Notes on Mark 12:28-34

Notes on Mark 12:28-34

Translation and Notes


There are parallel passages in Matthew 22:34-40 and Luke 10:25-28

On the questioner, the Interpreter’s Bible comments:

He is a model for the right approach both to Christ and to the scriptures. The psalmist speaks of “inquiring” in the temple (Ps. 27:4). We do so many other things there. We talk, we pray, we sing, we give. But so many never really inquire. That is the attitude which Jesus so eagerly welcomed. It is the reverent, humble search to learn the will of God for us and for our time; vastly different from the frequent attempt to bend the Almighty around until we can use him as a support for policies and points of view which we have already decided upon without reference to him. So often the common question “What would Jesus do?’ does not mark the beginning of a search at all. It marks the beginning of an argument. The conclusion usually runs something like this: “So, you see, Jesus would do just what I am doing.” — IB Exposition on Mark 12:28-34

I agree with their assessment of the questioner. Many modern commentators try to make him out to be one of those questioners who was trying to trap Jesus, but there is nothing of that in the text here.

I have adopted these two laws as a key to interpretation. You can see my essay on this at Hanging Biblical Interpretation.

28And one of the scribes heard them debating, and when he saw that Jesus had answered them well, he came and asked him, “Which is the first commandment of all?”

29Jesus answered, “First is, ‘Hear, Israel, the Lord your God is one Lord,

Mar 12:29 – The Lord our God is one Lord – This is the foundation of the first commandment, yea, of all the commandments. The Lord our God, the Lord, the God of all men, is one God, essentially, though three persons. From this unity of God it follows, that we owe all our love to him alone. — John Wesley

The quote is from Deuteronomy 6:4-5.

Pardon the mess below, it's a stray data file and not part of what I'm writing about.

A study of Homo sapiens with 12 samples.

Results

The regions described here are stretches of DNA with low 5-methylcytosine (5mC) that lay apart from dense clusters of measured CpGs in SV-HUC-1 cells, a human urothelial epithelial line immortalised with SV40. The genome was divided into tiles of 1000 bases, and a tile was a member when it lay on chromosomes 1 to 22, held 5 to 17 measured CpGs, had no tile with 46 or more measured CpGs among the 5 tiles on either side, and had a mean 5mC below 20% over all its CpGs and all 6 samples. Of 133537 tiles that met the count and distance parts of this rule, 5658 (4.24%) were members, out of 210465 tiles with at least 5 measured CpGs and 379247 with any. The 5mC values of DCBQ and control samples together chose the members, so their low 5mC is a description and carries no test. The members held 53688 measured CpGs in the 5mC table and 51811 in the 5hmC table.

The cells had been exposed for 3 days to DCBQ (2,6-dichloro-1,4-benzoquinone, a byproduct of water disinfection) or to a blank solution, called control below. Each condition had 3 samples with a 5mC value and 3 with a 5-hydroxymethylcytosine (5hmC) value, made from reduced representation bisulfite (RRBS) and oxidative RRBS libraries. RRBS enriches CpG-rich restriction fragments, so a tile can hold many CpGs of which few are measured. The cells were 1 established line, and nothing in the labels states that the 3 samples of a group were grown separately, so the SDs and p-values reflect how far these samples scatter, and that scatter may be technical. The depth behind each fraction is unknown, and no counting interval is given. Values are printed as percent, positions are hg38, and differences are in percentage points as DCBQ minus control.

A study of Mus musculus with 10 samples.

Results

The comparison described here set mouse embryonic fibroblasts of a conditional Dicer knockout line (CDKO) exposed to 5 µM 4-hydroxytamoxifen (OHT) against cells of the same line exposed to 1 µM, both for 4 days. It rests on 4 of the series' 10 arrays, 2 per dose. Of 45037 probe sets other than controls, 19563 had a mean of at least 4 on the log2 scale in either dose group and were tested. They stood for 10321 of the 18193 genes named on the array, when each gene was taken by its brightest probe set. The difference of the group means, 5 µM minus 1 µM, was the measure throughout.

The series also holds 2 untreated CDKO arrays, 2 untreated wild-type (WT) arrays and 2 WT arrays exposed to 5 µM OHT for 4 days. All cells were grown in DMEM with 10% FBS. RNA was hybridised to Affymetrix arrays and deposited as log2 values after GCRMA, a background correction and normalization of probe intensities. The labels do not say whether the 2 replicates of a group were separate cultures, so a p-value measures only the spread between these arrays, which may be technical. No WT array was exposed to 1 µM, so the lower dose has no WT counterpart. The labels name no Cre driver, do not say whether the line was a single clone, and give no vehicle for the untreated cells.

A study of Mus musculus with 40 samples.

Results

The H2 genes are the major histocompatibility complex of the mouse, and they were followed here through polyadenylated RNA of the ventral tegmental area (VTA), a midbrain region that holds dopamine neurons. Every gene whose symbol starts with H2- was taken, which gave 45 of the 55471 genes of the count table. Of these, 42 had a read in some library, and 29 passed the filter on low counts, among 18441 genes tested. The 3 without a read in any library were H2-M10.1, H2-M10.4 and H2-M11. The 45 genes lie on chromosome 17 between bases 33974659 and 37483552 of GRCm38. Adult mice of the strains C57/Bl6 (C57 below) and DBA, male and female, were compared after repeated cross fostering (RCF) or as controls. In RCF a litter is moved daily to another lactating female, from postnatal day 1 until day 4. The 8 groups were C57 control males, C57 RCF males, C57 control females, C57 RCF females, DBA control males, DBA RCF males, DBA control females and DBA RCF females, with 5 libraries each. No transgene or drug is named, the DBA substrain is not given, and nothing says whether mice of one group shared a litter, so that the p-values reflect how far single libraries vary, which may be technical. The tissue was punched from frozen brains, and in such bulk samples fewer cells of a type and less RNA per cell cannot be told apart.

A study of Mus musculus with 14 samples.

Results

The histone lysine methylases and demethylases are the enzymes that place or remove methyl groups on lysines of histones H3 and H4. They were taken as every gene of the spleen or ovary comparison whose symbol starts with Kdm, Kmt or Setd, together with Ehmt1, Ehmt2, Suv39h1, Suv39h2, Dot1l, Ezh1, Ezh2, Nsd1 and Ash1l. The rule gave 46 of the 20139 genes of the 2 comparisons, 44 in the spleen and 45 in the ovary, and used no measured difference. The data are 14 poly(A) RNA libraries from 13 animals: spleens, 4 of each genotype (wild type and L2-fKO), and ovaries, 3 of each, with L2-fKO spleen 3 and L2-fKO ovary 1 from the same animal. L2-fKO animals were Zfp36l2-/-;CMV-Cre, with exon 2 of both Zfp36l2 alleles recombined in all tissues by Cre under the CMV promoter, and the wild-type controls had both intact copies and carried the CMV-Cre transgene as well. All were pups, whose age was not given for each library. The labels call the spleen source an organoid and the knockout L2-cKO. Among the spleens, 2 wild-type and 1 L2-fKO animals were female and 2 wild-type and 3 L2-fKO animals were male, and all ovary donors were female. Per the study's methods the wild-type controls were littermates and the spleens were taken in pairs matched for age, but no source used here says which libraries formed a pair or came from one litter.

30 and you shall love the Lord your God with all your heard and with all your soul and with all your mind, and with all your strength.’ 31And the second is this, ‘You shall love your neighbor as yourself.’ There is no greater commandment than these.”

The second quote is from Leviticus 19:18. “First” in this sense is not chronological, but logical. Which commandment best sums up the law, or is most basic logically.

32And the scribe said to him, “Excellent, teacher, you’re really right when you say that he is one, and there is none other than him, 33 and ‘loving him with all your heart and with all your understanding and with all your strength’ and ‘loving your neighbor as yourself’ is better than all the burnt offerings and sacrifices.”

Darrell Bock notes:

“. . . Properly relating to God translates into properly relating to others. This is more important than any ritual. The rule of God presses for people to live righteously with one another” (p. 331).

Mar 12:33 – To love him with all the heart – To love and serve him, with all the united powers of the soul in their utmost vigour; and to love his neighbour as himself – To maintain the same equitable and charitable temper and behaviour toward all men, as we, in like circumstances, would wish for from them toward ourselves, is a more necessary and important duty, than the offering the most noble and costly sacrifices. — John Wesley

In this rare case the scribe is totally in tune with what Jesus says. This wasn’t a trap, but a genuine question, genuinely answered.

34And when Jesus saw that he answered thoughtfully, he said to him, “You are not far from the kingdom of God.” And nobody dared to ask him questions any more.

Referring to this questioner and the young man of Mark 10:17, Wuest quotes Swete:

“. . . In both cases something was wanting to convert admiration in discipleship. If wealth was the bar in the one case, pride of intellect may have been fatal in the other. The mental acumen which detects and approves spiritual truth may, in the tragedy of human life, keep its possessor from entering the kingdom of God.”

It seems to me that this is reading more into the white spaces than one is getting from the text itself. The questioner was near the kingdom. There is no necessity to assume that he didn’t finish the journey. There is no negative comment about him in Mark at all. Any assumption that he failed to completely apply his insight in his own life and eventually become a disciple is just that—assumption.